CLEVELAND -- Brooklyn Nets guard Kyrie Irving made clear Monday that his stance regarding the COVID-19 vaccine will not change in the wake of Kevin Durant's knee injury that is expected to sideline him for four to six weeks.
Irving is unvaccinated and therefore ineligible to play at home because of a local mandate that all professional athletes playing in New York City's public venues be vaccinated against the coronavirus. The Nets originally decided before the regular season began that they would not accommodate Irving as a part-time member of the roster, but reversed course last month after a COVID-19 outbreak decimated the roster.
Irving said that no injury or other circumstance would compel him to change his mind, emphasizing repeatedly that he stands "rooted" in his decision.
"That's what I think comes into a lot of this culture and basketball and sport and entertainment,'' Irving said following Brooklyn's 114-107 loss to the Cleveland Cavaliers. "You bring in teams and you bring in situations. Kev's going to heal, Kev's going to be OK, and we're going to have to deal with that as his teammates. But in terms of where I am with my life outside of this, I stay rooted in my decision. And that's just what it is.
"It's not going to be swayed just because of one thing in this NBA life. That somehow it's brought to my attention as being more important than what's going on in the real world. It's just not happening for me. Again, I respect everyone else's decision, I'm not going to ever try to convince anyone of anything or any of that, I'm just standing rooted in what I believe in. And though we're dealing with this right now with Kev, I just know that I'm protected by the organization, I'm protected by my teammates, I'm protected by all the doctors I've talked to. And I just stand rooted."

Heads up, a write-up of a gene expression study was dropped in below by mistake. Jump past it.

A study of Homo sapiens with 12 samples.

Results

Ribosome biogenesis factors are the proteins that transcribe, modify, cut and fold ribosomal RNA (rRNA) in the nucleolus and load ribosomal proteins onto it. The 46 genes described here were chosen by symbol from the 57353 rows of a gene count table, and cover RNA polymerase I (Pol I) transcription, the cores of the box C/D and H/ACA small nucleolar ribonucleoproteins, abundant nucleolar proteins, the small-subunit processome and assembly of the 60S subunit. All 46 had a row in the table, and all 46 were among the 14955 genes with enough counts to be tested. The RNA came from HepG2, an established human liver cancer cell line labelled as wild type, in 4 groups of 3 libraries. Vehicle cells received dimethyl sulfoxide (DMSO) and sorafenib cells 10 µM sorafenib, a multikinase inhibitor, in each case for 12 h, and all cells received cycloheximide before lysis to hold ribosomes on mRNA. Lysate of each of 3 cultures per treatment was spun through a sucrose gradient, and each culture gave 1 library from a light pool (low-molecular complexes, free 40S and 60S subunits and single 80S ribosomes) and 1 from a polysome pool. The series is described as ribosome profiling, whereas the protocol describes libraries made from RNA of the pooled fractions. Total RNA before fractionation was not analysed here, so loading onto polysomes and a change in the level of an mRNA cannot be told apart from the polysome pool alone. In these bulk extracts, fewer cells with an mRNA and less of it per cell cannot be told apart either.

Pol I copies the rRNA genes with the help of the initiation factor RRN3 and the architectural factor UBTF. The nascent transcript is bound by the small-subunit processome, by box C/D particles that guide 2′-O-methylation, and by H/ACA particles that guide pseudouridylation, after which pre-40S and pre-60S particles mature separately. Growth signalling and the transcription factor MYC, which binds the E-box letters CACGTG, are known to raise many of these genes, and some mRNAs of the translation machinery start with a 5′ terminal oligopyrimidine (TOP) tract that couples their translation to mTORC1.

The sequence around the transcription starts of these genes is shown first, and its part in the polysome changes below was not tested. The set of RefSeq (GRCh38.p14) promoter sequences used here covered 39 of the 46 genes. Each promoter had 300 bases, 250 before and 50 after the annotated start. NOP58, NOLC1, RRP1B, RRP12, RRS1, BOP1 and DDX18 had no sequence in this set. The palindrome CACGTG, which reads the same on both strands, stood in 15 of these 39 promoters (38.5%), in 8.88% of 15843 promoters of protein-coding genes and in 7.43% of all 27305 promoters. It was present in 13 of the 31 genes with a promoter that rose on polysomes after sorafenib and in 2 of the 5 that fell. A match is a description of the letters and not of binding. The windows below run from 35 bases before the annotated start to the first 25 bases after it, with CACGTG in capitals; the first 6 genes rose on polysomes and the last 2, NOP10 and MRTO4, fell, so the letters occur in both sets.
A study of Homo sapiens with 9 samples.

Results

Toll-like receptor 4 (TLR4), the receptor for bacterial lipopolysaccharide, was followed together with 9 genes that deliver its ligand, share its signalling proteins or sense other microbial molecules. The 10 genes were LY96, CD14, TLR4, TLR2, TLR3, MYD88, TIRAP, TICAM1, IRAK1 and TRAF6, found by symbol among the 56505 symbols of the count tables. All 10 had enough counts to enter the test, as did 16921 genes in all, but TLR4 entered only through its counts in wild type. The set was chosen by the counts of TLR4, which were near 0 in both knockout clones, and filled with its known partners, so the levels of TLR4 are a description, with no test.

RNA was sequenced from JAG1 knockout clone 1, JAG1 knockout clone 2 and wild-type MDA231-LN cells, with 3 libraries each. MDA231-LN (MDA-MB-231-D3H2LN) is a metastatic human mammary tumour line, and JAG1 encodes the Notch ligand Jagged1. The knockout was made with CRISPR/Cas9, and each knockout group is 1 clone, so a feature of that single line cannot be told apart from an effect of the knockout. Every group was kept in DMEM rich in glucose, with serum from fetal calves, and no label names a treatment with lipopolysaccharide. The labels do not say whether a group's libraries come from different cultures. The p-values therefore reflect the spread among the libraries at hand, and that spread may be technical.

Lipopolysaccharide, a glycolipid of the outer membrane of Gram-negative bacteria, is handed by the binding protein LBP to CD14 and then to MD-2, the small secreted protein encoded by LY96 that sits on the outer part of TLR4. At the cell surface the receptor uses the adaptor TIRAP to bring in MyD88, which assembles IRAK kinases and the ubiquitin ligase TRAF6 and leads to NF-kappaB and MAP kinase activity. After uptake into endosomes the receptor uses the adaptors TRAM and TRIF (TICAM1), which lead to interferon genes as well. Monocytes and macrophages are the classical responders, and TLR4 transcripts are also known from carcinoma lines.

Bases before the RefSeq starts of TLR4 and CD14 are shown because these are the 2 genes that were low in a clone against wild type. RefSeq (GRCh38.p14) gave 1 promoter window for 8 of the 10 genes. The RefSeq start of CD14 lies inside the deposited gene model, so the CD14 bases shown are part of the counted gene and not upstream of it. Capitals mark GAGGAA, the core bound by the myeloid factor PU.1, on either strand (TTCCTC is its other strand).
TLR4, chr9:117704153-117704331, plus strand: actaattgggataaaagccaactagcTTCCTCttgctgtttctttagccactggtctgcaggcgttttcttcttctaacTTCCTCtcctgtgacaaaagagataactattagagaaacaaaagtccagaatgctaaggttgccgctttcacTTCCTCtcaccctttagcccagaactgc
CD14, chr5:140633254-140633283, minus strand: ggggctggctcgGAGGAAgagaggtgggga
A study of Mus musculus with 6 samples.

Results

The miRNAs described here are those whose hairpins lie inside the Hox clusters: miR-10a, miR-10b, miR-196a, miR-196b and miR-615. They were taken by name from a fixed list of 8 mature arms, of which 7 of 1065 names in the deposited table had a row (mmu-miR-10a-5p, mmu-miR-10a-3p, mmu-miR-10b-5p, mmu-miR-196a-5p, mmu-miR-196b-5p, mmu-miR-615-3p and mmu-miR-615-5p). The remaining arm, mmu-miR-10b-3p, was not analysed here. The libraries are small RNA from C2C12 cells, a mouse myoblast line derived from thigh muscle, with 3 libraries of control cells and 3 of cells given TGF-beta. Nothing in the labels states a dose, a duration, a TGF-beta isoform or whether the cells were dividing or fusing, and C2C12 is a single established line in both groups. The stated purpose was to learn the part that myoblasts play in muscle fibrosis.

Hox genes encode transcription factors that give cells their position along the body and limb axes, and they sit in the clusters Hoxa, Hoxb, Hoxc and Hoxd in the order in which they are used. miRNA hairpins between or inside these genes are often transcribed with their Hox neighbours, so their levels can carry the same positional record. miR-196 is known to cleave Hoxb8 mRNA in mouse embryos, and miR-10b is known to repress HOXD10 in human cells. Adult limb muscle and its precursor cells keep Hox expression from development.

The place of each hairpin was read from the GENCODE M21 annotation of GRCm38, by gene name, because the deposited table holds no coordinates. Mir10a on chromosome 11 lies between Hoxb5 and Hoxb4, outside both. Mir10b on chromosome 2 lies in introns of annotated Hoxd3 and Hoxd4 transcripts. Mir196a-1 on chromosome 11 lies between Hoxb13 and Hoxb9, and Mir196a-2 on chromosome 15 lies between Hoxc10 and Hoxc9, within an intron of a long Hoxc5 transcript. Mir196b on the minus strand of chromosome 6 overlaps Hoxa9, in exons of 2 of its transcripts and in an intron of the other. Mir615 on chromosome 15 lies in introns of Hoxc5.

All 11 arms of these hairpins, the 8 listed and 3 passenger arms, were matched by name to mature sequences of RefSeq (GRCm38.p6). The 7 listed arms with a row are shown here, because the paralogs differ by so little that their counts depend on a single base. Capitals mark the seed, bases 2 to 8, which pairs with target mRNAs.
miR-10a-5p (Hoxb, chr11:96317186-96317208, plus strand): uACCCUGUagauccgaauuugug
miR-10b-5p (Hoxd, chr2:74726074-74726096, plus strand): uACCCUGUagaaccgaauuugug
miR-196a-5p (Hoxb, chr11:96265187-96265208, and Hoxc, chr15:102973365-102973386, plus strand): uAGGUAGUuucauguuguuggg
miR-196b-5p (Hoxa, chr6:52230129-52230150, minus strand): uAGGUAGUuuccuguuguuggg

Irving scored a team-high 27 points on Monday. It was just his fourth game back this season with the Nets, who have been dealing with injuries -- and other distractions -- since acquiring James Harden to play with Irving and Durant.
During his postgame interview, Irving said he's bothered that his decision is being questioned and that it's almost always framed in the context of his profession -- not his personal life.
He said at one point, "I'm not bringing science into a basketball game" and reiterated a sentiment he has often expressed: "My message has always been I respect what everyone else is doing with their bodies, I respect what everyone else is doing in terms of their livelihoods and I'm here to support, but what's going on with me is I'm taking it one day at a time, that's it."
When pressed during a back-and-forth, Irving was told that there are millions of people who are interested in his status because of the ramifications on his playing time.
"That's what I'm saying," Irving said. "You're bringing my vaccination status into a basketball game, and I live my life, the majority of the time, when I'm away from this. So when I say I'm not getting vaccinated and I'm making a choice with my life, somehow it gets mixed into, 'Well, what about the basketball?' When it's like no, bro. We live in a real world. It's great to be able to do this. I'm grateful for the opportunity. I love being with my teammates. I love playing on the Nets, but I've already been away enough time to think about this, to process it, to be able to make this decision, stand strong, understand that people are gonna agree and some people are gonna disagree.
"The circumstances that are at hand, I'm praying that they get changed and we're able to do things differently and that's not just for me -- that's for all those that are dealing with being unvaccinated and getting fired from work on a day-to-day basis. It's not just about me. That's been my message this whole time. So though I feel your feeling and emotion for asking that question, it's just like, sometimes it feels a little disrespectful. I'm not just a basketball player, bro. Millions of fans. I appreciate all of it, but it's not just about the game."
After being told that he's one of the most famous unvaccinated people in the country, Irving responded, "That sounds crazy to me ... but I'm not the only one."
"Fame is socially created, bro," Irving said. "I hear what you're saying. ... Like being the most famous unvaccinated player, what does that even mean? I don't even know what that means at home."
Irving was told that in the short term, that meant that he couldn't play in home games, which is why there is both a lot of interest in his status and some frustration within the Nets fan base.
"I respect that, bro," Irving responded. "I respect that."
The Associated Press contributed to this report.